Jump to content

AstraZeneca moves lung cancer drug into Phase III

Recommended Posts

http://today.reuters.co.uk/news/newsArt ... CANCER.xml

AstraZeneca moves lung cancer drug into Phase III

Mon Jul 4, 2005 9:09 AM BST

LONDON (Reuters) - AstraZeneca is starting final-stage Phase III trials with an experimental dual-action pill which has produced promising early results in fighting lung cancer, the company said on Monday.

If successful, Zactima -- previously known as ZD6474 -- could help Europe's third largest drugmaker recover some of the ground it lost in oncology last year when its marketed lung cancer treatment Iressa failed in a key trial.

Recruitment into a number of Phase III studies evaluating the anti-tumour activity of Zactima in patients with non-small cell lung cancer will begin in the next few months.

The once-daily pill combines the action of Iressa and Tarceva -- a rival product made by Genentech Inc and Roche Holding AG -- with an ability to starve tumours of their blood supply.

It also inhibits a substance called RET kinase, which researchers think may be important in certain tumours.

Hopes for so-called anti-angiogenesis products designed to stop tumours developing blood vessels have been boosted recently by the success of Roche/Genentech's Avastin, which has produced promising results against a range of cancers.

But the field is proving far from easy and another anti-angiogenesis drug, known as PTK/ZK, from Novartis AG and Schering AG has disappointed in tests.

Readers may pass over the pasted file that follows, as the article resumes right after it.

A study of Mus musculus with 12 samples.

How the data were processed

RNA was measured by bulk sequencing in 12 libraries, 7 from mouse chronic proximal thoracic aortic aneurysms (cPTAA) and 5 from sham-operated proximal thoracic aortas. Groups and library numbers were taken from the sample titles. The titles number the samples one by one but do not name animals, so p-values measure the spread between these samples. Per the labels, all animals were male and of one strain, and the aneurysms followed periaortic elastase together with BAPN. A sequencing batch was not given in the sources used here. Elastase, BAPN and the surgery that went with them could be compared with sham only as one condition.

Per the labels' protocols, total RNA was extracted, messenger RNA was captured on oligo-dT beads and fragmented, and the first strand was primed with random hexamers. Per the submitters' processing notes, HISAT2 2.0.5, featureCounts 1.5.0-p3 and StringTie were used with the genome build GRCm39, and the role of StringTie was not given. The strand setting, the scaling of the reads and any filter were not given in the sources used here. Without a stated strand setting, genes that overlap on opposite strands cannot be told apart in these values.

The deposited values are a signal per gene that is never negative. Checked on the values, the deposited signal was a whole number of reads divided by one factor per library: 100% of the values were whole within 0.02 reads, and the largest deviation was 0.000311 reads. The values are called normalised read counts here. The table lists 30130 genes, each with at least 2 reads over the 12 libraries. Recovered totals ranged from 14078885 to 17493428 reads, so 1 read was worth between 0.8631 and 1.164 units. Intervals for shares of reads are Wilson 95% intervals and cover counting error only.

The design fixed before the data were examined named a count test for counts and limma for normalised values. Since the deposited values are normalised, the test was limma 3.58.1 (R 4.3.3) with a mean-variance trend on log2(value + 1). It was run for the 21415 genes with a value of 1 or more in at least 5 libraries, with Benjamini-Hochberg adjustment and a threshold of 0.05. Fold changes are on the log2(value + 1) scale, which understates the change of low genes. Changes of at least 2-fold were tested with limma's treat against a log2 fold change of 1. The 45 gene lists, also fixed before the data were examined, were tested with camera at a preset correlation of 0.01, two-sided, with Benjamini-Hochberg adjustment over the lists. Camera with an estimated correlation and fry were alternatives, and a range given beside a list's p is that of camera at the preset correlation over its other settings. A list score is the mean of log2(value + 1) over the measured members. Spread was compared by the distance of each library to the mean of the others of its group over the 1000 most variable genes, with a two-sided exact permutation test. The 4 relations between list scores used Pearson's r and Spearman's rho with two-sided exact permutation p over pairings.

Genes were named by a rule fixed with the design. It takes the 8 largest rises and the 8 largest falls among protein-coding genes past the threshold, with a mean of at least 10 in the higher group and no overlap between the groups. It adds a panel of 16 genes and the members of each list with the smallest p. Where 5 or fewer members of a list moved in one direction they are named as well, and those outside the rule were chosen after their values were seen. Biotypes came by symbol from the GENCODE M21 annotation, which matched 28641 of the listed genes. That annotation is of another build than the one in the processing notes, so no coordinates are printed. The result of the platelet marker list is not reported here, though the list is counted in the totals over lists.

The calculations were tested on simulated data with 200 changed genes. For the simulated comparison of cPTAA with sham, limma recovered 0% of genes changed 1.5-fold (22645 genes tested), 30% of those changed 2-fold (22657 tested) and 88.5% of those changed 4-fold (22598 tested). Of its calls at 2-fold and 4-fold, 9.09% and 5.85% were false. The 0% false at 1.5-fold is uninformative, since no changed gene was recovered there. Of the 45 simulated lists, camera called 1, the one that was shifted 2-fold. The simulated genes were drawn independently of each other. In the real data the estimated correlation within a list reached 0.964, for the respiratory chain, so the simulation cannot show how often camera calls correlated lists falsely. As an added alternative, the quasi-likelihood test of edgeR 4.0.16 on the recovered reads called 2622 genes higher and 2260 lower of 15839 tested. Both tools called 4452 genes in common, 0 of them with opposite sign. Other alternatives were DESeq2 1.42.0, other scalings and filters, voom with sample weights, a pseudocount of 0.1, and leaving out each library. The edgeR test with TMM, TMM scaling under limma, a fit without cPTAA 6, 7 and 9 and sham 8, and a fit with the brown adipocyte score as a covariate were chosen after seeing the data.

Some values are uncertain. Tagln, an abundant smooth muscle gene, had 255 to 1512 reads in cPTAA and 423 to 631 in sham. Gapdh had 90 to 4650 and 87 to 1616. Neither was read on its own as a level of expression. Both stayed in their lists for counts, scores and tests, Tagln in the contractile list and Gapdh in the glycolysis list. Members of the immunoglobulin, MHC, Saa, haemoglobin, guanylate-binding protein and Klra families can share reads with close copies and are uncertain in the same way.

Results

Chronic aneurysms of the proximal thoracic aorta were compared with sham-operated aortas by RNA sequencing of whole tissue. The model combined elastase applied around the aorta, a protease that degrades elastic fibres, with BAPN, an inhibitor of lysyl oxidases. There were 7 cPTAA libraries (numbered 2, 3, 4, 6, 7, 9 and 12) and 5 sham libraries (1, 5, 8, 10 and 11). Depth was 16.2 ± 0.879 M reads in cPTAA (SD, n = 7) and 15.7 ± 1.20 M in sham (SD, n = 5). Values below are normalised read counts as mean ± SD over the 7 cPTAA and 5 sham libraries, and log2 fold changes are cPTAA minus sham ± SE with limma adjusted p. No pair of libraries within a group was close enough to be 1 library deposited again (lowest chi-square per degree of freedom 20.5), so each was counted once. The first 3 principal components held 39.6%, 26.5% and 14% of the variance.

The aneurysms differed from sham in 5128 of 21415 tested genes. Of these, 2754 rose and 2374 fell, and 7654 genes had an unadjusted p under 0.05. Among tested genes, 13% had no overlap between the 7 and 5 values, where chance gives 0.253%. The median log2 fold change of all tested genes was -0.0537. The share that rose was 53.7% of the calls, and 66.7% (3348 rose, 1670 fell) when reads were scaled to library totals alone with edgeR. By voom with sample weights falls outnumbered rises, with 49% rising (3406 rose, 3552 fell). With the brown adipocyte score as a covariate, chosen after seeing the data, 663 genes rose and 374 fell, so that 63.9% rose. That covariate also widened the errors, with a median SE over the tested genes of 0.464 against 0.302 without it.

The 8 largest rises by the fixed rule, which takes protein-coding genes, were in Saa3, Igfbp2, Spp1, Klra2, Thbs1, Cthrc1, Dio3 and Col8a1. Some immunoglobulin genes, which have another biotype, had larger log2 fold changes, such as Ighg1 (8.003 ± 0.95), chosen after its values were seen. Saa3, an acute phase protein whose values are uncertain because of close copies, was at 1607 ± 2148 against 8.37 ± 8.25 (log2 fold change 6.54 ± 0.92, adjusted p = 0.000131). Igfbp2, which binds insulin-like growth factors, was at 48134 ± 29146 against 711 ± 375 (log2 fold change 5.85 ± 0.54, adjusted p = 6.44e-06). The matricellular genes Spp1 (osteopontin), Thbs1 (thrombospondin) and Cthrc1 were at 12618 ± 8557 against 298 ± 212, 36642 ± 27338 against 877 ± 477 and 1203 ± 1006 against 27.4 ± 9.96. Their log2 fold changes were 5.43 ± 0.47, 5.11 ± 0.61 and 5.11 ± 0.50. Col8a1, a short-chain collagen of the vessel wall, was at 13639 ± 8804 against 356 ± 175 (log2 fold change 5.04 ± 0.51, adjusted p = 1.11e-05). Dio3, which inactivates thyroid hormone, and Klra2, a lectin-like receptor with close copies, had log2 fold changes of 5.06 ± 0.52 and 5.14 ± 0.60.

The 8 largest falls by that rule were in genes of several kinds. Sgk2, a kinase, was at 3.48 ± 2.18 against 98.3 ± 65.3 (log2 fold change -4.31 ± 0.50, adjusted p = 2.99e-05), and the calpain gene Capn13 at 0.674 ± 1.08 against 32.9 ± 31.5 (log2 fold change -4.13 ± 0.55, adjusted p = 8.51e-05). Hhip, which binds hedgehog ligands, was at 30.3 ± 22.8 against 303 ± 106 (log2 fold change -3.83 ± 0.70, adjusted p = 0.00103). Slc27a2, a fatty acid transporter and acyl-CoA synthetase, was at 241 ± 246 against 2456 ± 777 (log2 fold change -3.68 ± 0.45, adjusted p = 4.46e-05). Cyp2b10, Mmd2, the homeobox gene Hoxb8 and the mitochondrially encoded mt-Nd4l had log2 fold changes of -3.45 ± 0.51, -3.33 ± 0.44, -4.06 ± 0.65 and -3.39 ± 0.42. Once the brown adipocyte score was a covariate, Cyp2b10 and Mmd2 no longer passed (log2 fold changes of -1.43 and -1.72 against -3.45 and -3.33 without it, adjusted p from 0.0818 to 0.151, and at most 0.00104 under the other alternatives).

Results of a Phase II study on Zactima presented at the American Society of Clinical Oncology meeting in May showed it increased progression-free survival, or the amount of time patients remain alive without their disease getting worse.

Data from another two mid-stage studies will be presented at the 11th World Conference on Lung Cancer in Barcelona, Spain, later this week, AstraZeneca said.

Industry analysts said Zactima was still at a relatively early stage but the product could have significant sales potential if it succeeded in pivotal studies against lung cancer, the most commonly diagnosed cancer in the world.

Link to comment
Share on other sites

Join the conversation

You can post now and register later. If you have an account, sign in now to post with your account.

Reply to this topic...

×   Pasted as rich text.   Restore formatting

  Only 75 emoji are allowed.

×   Your link has been automatically embedded.   Display as a link instead

×   Your previous content has been restored.   Clear editor

×   You cannot paste images directly. Upload or insert images from URL.

  • Create New...

Important Information

By using this site, you agree to our Terms of Use.